Almost a year after Jeffrey Epstein’s death and one of the main questions of the many that continue to surround him is will we ever get proper answers? It’s not surprising in a case about a man that seemingly was never honest about his past (or arguably, present) and that has named some of the world’s most powerful men. Even his death comes with conspiracy theories. One of the more practical questions, though, is how did he do it? How did he manage to conduct a sex trafficking network of potentially hundreds of minors? Here’s what we know.
Epstein had carefully engineered means of procuring the underage girls he would go on to traffic, using everything from his friends to the vulnerable girls themselves in order to obtain new victims.
His network of powerful contacts worked in his favour, not only providing a smokescreen via wealth and power, but providing him with a means. His relationship with Victoria’s Secret founder Les Wexner enabled him to access girls through modelling agencies via the front of ‘scouting’, luring girls to his mansion under the guise of casting. Model Elisabetta Tai told the NY Post that her booker called Epstein “one of the most important people in modelling.” It was Epstein, he said, that could get her a coveted Victoria’s Secret gig.
French modelling agent Jean-Luc Brunel, who was behind the agency that worked with Victoria’s Secret, is alleged to have taken an active role in this, knowingly supplying Epstein with victims, as well as partaking in the trafficking ring. Virginia Guiffre named Brunel in 2015 court filings, alleging Brunel had an arrangement with the US Government that allowed him to procure passports and travel documents for underage girls. They would then be handed out to his contacts.
A sexual pyramid scheme
Then there’s Epstein’s close friend, Ghislaine Maxwell, who stands accused of being his ‘madam’. Maria Farmer has said she saw Maxwell bring “many, many, many, many, many,” young women and girls into Epstein’s house, cruising Central Park to find them. Other survivors, like Guiffre, have said that she approached them under the guise of obtaining work—often as a masseuse. She would engineer a friendship in order to gain their trust, before sending them to Epstein to be raped.
Perhaps more disturbing is not the way Epstein was facilitated by the rich and powerful, but they way he created a sexual pyramid scheme that encouraged his victims to become recruiters and which was key to his entire trafficking network.
Like many sexual predators, Epstein often specifically chose the vulnerable: young girls who needed money, who had been abused before. Haley Robson was one of these. Raped at 15, she was saving money to leave home when she first met Epstein at 16. As she told People, a classmate told her she could earn $200 dollars giving him a massage at his home in New York. Afterwards, Epstein encouraged her to bring other girls to him, offering her money in return for doing so. In the end, she estimates she brought him around 24 girls.
Courtney Wild told the Miami Herald Epstein went after girls that were 'basically homeless,' who “no one would listen to.” Her mother was on drugs at the time Wild met Epstein, aged 14. She said she recruited around 70-80 teenagers by the time she was 16, all told they could earn $200 to $300 giving him a massage.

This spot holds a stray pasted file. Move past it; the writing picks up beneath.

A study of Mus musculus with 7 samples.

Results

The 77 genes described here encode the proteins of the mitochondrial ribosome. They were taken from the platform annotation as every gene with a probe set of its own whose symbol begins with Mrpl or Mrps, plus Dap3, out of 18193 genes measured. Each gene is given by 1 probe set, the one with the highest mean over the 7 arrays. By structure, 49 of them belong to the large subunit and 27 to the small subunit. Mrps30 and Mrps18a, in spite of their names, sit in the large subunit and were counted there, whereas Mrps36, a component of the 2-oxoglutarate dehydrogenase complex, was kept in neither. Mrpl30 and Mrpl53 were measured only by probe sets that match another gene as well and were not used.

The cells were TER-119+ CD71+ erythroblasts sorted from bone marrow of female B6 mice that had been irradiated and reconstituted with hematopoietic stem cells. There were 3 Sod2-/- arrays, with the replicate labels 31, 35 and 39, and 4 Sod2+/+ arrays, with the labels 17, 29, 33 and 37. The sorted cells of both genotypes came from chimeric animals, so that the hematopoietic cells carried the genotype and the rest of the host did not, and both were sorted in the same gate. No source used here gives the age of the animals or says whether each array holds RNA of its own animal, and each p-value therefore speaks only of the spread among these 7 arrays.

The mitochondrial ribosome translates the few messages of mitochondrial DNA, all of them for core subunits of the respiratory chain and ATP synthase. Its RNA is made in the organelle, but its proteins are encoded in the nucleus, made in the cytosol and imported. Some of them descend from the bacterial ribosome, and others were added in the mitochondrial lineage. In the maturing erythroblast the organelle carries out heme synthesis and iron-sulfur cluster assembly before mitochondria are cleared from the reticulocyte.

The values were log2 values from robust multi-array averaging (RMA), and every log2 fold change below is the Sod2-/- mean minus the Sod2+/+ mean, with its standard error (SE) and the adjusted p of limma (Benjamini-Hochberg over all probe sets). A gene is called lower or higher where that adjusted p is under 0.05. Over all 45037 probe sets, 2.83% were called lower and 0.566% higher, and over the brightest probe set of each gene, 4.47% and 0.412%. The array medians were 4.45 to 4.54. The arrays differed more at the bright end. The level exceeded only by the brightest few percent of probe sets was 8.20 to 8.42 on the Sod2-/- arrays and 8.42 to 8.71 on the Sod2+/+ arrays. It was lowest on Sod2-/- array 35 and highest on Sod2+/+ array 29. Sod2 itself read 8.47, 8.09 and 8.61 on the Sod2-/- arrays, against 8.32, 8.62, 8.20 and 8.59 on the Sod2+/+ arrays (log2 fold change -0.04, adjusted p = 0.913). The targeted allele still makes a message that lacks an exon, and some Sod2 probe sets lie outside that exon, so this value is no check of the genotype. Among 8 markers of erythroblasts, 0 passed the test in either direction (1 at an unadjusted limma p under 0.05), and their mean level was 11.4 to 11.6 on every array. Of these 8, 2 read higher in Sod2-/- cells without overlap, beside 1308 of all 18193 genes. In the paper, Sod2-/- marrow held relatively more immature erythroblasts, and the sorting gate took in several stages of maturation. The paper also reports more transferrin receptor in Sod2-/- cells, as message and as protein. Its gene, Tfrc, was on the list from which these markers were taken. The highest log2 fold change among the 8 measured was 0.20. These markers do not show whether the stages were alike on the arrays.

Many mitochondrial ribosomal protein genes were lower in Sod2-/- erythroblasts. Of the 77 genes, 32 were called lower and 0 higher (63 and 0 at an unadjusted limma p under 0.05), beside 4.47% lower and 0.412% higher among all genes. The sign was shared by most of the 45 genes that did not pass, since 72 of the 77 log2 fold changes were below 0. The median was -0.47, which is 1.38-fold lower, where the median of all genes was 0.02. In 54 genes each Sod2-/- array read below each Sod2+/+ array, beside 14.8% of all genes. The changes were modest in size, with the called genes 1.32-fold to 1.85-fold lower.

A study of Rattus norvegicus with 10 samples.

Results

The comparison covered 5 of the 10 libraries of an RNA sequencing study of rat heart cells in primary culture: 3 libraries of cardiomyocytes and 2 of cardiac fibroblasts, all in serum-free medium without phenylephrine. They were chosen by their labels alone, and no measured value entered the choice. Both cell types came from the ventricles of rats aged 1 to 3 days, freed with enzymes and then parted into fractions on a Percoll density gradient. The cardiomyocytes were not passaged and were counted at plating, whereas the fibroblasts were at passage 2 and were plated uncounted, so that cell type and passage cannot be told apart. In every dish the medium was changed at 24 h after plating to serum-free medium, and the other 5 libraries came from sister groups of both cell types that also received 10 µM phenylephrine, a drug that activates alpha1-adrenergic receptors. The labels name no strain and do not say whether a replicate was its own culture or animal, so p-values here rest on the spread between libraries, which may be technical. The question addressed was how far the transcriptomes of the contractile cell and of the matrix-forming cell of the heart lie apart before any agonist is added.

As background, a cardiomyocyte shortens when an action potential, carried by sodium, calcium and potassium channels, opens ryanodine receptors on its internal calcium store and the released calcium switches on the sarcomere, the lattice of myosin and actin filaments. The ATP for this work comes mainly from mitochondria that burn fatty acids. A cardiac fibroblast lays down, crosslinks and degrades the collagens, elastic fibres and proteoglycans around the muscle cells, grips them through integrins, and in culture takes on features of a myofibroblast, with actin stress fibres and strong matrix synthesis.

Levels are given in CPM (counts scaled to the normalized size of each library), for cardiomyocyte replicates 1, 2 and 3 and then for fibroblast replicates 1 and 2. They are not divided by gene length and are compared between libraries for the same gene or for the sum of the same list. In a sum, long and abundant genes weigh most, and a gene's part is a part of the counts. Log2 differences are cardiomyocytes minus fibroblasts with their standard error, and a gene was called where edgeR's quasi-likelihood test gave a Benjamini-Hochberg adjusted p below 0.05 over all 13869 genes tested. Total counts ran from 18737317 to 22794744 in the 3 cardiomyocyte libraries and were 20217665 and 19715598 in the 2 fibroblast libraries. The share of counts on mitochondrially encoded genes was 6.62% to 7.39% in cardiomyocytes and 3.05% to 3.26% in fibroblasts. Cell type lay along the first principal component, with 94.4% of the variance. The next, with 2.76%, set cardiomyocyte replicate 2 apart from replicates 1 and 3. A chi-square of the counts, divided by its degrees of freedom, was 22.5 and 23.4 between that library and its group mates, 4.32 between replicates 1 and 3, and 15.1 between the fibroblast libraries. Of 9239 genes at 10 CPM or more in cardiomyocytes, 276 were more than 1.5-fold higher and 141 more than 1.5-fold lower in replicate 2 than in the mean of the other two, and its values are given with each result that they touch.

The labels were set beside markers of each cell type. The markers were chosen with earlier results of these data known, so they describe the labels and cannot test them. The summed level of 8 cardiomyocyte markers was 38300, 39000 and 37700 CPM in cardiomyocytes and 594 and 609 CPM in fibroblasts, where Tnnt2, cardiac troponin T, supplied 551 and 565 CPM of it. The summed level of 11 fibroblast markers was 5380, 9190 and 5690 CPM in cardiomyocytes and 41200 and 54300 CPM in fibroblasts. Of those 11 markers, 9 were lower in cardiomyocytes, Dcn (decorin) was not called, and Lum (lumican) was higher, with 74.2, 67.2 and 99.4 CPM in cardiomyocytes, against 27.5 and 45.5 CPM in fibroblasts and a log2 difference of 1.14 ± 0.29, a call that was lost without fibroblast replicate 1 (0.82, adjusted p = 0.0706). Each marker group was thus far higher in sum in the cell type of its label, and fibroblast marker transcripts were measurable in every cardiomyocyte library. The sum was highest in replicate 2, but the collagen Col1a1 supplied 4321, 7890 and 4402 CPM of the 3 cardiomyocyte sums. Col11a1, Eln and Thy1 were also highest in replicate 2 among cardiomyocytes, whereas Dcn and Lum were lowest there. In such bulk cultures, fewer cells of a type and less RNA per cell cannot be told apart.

Marijke Chartouni was also brought to him by a friend.
The victims would be groomed, they would have presents bought for them, their education paid for. Sometimes, the abuse continued for years.
His multiple properties and the plane on which he transported girls facilitated Epstein’s abuse. The plane, known as the ‘Lolita Express’, was kitted out with a bed and girls would be raped while on board. But it was his private island in the Caribbean, Little St James that Epstein is said to have run the trafficking ring from, according to Fox News. Dubbed ‘paedophile island’ or ‘orgy island’, he is said to have kept a team of traffickers there who were responsible for bringing girls as young as 12. Sometimes, they weren’t allowed to leave. Epstein survivor Sara Ransome described trying to escape the island. Her passport was taken off her and when she tried to swim for safety, she was caught by Epstein.
Maxwell was also allegedly there to help operations run smoothly. Speaking to BBC Panorama, Ransome called her the 'nuts and bolts' of the operation. She has been accused of intimidating the girls in order to get them to comply, of travelling to the island to ensure the girls would do what they were supposed to do.
Epstein tipped so well, his behaviour was overlooked.
As to how Epstein was able to run such a network, that included taking girls in and out of the United States, without anyone knowing, the answer appears to be they did know. Girls have described being welcomed into the home by Epstein's assistant (another alleged recruiter, described as an aide to Maxwell who would keep a list of girls and arrange appointments); Epstein’s chef would prepare food for them.
Locals on St Thomas, close to Epstein’s island, described seeing him bring young girls there for years. Employees who worked on the airstrip there said the same. One said Epstein tipped so well, his behaviour was overlooked.
It seems obvious, but ultimately, money was central to the sex trafficking ring. It was money that allowed Epstein into his high society circles, through which he met Maxwell and Wexner; money was used to groom victims and get them to recruit more girls; and it was money that kept many people quiet. At least his victims are no longer being silenced.